Regenerative farming shift could reduce UK climate emissions, say experts
Organic farming methods, which use fewer pesticides and store more carbon in soil, are becoming more popular
There is growing momentum behind a shift to ‘regenerative’ agriculture in the UK, which can help to mitigate the climate crisis, say leading experts in the sector.
“More and more people are seeing other farmers doing it [regenerative farming] and are happier for it,” said John Cherry, who founded Groundswell, the UK’s flagship event for regenerative agriculture, on his farm in Hertfordshire. “People may be getting a higher yield with conventional approaches, but it is costing them more too with all the inputs, so they are not making more money.”
Minette Batters, head of the National Farmers’ Union, has set out an ambition for UK farming to be climate neutral by 2040. Henry Dimbleby’s National Food Strategy has now recommended that the government put aside up to GBP700m to pay farmers to create nature-rich, carbon sequestering landscapes.
Food and farming – a key UK sector – has a large carbon footprint, accounting for one-fifth of our emissions. That figure rises to about 30% if you factor in the emissions produced by all the food we import. Agriculture accounts for about 10% of emissions, but in recent years there have been a number of commitments to reducing that.
There are already more than 1,700 organic farmers across the UK registered with Soil Association Certification, covering almost half a million hectares of farmland. As well as using fewer pesticides, organic farms have more wildlife and store more carbon in their soils, reducing climate emissions.
But in recent years, ‘regenerative’ farming techniques have seen a significant growth in interest.
When Groundswell started six years ago, there were just a couple of hundred attenders. This year, more than 3,500 people turned up, including environment secretary George Eustice, who told the crowd that Brexit was a chance for the UK to lead the world on supporting regenerative agriculture. Under new subsidy plans announced by his department, farmers will be offered up to GBP70 per hectare to take up regenerative techniques, including mixed farming systems where crops are cultivated alongside livestock to help boost soil health.
Even the most traditional farming media outlets have been awash with praise for the new approach managing land and producing food in recent weeks, admitting that many farmers are now experimenting with some of the ideas.
Earlier this year, McDonald’s announced it was launching a regenerative farming project to transition its beef suppliers in the UK to more sustainable approaches. And writing in the Guardian in May, Prince Charles called for a “rapid transition to regenerative farming”.
As well as shows like Groundswell, membership of regenerative farming groups has soared. The Landworkers Alliance, set up in 2014, represents more than 1,500 farmers and landworkers across the UK promoting more regenerative approaches to farming. While the Nature Friendly Farming Network and Pasture-fed Livestock Association have more than 1,500 farmer members between them.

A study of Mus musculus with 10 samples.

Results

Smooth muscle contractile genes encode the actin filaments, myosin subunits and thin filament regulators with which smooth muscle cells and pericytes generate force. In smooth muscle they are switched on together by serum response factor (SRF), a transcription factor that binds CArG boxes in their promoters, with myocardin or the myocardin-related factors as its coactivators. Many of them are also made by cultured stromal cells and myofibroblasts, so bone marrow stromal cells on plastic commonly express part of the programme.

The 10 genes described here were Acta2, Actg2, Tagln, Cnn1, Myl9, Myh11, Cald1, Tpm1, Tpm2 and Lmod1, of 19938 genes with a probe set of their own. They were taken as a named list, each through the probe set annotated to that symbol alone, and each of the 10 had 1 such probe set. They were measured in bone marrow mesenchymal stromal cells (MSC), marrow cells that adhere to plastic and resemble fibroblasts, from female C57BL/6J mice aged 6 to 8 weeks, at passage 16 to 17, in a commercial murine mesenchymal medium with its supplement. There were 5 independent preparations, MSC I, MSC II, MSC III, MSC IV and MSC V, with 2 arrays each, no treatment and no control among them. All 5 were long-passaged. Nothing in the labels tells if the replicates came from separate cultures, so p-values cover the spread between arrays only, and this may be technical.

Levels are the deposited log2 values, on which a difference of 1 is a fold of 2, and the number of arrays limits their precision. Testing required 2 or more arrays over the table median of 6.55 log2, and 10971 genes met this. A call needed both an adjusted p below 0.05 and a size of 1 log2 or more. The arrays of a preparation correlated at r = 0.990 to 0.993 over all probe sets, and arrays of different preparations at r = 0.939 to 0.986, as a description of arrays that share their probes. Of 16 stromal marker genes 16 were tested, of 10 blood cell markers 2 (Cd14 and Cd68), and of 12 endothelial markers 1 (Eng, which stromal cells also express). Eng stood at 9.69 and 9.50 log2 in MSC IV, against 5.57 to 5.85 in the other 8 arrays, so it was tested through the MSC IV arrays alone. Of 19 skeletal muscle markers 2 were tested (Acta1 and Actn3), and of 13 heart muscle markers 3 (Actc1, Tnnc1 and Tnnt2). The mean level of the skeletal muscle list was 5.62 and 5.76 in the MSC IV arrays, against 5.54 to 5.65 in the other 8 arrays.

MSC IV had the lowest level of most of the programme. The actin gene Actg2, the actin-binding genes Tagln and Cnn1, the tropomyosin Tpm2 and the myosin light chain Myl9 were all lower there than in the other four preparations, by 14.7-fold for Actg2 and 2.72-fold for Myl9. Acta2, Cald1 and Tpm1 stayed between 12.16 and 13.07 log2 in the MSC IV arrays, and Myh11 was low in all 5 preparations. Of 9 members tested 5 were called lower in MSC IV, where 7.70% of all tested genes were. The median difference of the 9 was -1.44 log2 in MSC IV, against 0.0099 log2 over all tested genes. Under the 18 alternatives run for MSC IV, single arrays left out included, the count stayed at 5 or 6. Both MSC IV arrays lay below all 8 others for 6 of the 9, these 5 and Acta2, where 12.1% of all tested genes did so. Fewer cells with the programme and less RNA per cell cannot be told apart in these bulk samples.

The lockdown had also given farmers a chance to pick up on a proliferation of online events and content on regenerative farming, said Nikki Yoxall, 34, a first generation regenerative farmer in Aberdeenshire. “While those practising it are still a minority, there’s a lot more awareness and interest in it from all quarters.”
The end of subsidies and rising cost of inputs like fertilisers is pushing farmers to reconsider what they do. “If you accept that things can’t carry on as they are, then you can leave the industry or try something different,” said Herefordshire regenerative beef, sheep and fruits farmer Rich Thomas, 42. “If you take away chemicals slowly then you can wean yourself off a little bit every year and look to start farming in a different way. It’s about trying to regenerate and better use our soils.”
Yoxall, who runs a grazing service for farmers and landowners to help manage and maintain their land and soils, said regenerative agriculture was a more accessible type of farming for new entrants too, given its lack of reliance on high inputs and machinery. “If we have more regenerative agriculture in the UK then we’ll need a lot more farmers in the UK for sure.”
But the ideas are also attracting existing, older generations of farmers who want to leave a positive legacy on their farm. “I’m getting regular calls now from the 55-year-old plus age group who realise they’ve degraded their land and just want to make amends and leave it in a better state,” said Herefordshire farmer and regenerative agriculture consultant Ben Taylor-Davies.
And it’s picking up public support. “There’s an interest in it as a label beyond just farming, with people looking for wool and leather from a regenerative farming origin too,” said Cotswold-based regenerative farmer James Allen.
Allen said consumer interest would ultimately be a bigger driver than government policy. “Organic started as a niche, but now every supermarket has its own range. It [regenerative farming] is on a wave gaining momentum all the time,” he added.